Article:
Organizations are drowning in content...
Silver Spring, MD (PRWEB) June 16, 2015
Content analytics is fast becoming a pivotal business tool, with six in 10 enterprises saying it will be essential within five years’ time, according to new research with business leaders by independent information management analysts, AIIM.
Three-quarters of enterprises in the AIIM study, ‘Content Analytics: automating processes and extracting knowledge’ believe there is real business insight to be gained from content analytics, further highlighting its position as a technology that adds true value to an organization.
Content analytics – which analyzes and derives insight from inbound and legacy content - is also seen as increasingly essential to addressing risks associated with incorrectly identified content. Respondents felt auto-classification of content helps protect against security breaches, sensitive or offensive content, and exposure to compliance regulations. More than half of enterprises (54 percent) feel that their organization is at considerable risk from such threats.
“The sheer volume of legacy content, combined with increasing volumes of new inbound content, mean that content analytics has the potential to be the single most valuable tool at an enterprise’s disposal,” said Doug Miles, AIIM’s chief analyst. “It can provide meaning and insight to content and help protect organizations from risks associated with unclassified content. But content analytics programs need strategic direction and people with the right skills to realize the potential. Organizations must look to address these shortfalls as a priority.”
Despite contact analytics’ potential, 80 percent of survey respondents have yet to allocate a senior role to initiate and coordinate analytics applications. This lack of designated leadership and shortfall of analytics skills is restricting the potential and holding back the deployment of content analytics tools, according to almost two-thirds (63 percent) of the research respondents.
‘Dark data’ - content that contains sensitive or personally identifiable information about customers or staff, or has business sensitivity - has long been an issue for many enterprises. The AIIM research shows that dealing with dark data was a big driver for deploying content analytics, with other drivers including process productivity improvements, additional business insight, and adding value to legacy content.
Around three-quarters (73 percent) of respondents feel that enhancing the value of legacy content is better than wholesale deletion, while more than half (53 percent) say that auto-classification using content analytics is the only way to get content chaos under control.
But as inbound capture extends across more and more types of content, especially where the digital mailroom concept is employed (centrally or distributed), respondents see recognition of content types and automated routing to specific processes as useful.
“Organizations are drowning in content and staying on top of high volume, multi-channel, inbound content is fast becoming one of the major challenges for any enterprise, especially if they rely on manual processes,” continued Miles. “Automated handling is as accurate as humans, and more consistent. It is encouraging to see most respondents expect to spend more on content analytics in the next 12 months, including auto-classification.”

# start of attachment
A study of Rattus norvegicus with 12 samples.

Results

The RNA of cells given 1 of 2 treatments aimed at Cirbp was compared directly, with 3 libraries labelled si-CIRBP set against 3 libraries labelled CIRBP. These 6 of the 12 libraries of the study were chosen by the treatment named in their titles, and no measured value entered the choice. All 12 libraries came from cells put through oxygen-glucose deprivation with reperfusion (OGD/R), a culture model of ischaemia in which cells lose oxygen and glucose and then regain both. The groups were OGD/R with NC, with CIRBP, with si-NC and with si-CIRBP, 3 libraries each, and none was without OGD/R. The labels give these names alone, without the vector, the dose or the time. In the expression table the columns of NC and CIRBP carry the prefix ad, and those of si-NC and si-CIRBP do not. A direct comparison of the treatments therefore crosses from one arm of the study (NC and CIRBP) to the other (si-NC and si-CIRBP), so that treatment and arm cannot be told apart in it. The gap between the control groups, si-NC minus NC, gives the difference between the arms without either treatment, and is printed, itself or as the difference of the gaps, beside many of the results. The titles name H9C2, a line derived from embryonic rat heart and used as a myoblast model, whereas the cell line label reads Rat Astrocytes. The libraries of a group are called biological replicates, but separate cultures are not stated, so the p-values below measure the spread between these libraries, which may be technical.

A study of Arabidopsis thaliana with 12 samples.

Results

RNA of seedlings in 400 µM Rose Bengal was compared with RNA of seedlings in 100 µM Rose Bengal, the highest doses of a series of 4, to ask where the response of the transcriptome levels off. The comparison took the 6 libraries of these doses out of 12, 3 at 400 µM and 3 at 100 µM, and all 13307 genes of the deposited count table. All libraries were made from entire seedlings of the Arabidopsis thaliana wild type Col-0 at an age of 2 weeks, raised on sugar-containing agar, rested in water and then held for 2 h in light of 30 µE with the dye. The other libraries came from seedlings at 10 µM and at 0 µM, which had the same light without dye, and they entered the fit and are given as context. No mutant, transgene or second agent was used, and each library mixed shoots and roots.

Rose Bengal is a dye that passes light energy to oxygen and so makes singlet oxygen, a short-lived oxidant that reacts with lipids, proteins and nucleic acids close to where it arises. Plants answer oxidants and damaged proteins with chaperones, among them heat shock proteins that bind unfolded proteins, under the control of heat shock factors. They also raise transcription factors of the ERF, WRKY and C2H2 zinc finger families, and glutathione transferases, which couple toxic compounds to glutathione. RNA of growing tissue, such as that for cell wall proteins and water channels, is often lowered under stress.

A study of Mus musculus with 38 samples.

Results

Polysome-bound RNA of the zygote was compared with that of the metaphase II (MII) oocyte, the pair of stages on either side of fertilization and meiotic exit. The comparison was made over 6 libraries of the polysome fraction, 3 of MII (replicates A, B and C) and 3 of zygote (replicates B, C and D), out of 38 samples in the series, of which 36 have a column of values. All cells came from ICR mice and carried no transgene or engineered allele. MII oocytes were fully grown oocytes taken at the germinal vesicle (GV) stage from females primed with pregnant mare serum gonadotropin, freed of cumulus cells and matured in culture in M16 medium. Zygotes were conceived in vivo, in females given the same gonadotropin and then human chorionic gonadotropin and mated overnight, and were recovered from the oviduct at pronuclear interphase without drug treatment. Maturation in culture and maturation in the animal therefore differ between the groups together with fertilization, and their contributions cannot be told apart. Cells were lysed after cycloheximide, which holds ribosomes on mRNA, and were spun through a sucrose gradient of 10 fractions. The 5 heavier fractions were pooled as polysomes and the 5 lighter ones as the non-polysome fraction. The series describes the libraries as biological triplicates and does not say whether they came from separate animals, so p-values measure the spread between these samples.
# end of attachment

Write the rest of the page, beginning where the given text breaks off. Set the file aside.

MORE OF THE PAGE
Other key findings include:
- Nearly two-thirds of respondents say that content analytics is either essential (17 percent) or something they definitely need (48 percent).
- Thirty-four percent of organizations are using content analytics for process automation, information governance, contextual search or business insight.
- Benefits from inbound analytics include faster flowing processes (50 percent), happier staff (32 percent) and improved governance (20 percent).
- Content analytics early adopters are already seeing the benefits, with 68 percent reporting ROI within 18 months or less.
- Most survey respondents expect to spend more on content analytics in the next 12 months.
- Incoming customer communications and help desk streams top the list for live or near-time alerting.
“We have seen increasing interest and adoption in recognition and routing of inbound content, automated classification of records and email, metadata addition and correction, and all of the improvements in access, security, de-duplication and retention that flow from this,” concluded Miles. “But content analytics can offer so much more than this, with many applications and uses yet to come, and by 2020 will be one of the primary tools used by any enterprise.”
The research for ‘Content Analytics: automating processes and extracting’ was underwritten in part by Kofax, Rocket Software, SPS and OpenText.
The full report, which includes a number of recommendations for progress, is free to download at http://info.aiim.org/contentanalytics
The survey was taken using a web-based tool by 238 individual members of the AIIM community between April 17, 2015, and May 8, 2015.
AIIM has been an advocate and supporter of information professionals for 70 years. The association’s mission is to ensure that information professionals understand the current and future challenges of managing information assets in an era of social, mobile, cloud and big data. Founded in 1943, AIIM builds on a strong heritage of research and member service. Today, AIIM is a global, non-profit organization that provides independent research, education and certification programs to information professionals. AIIM represents the entire information management community, with programs and content for practitioners, technology suppliers, integrators and consultants.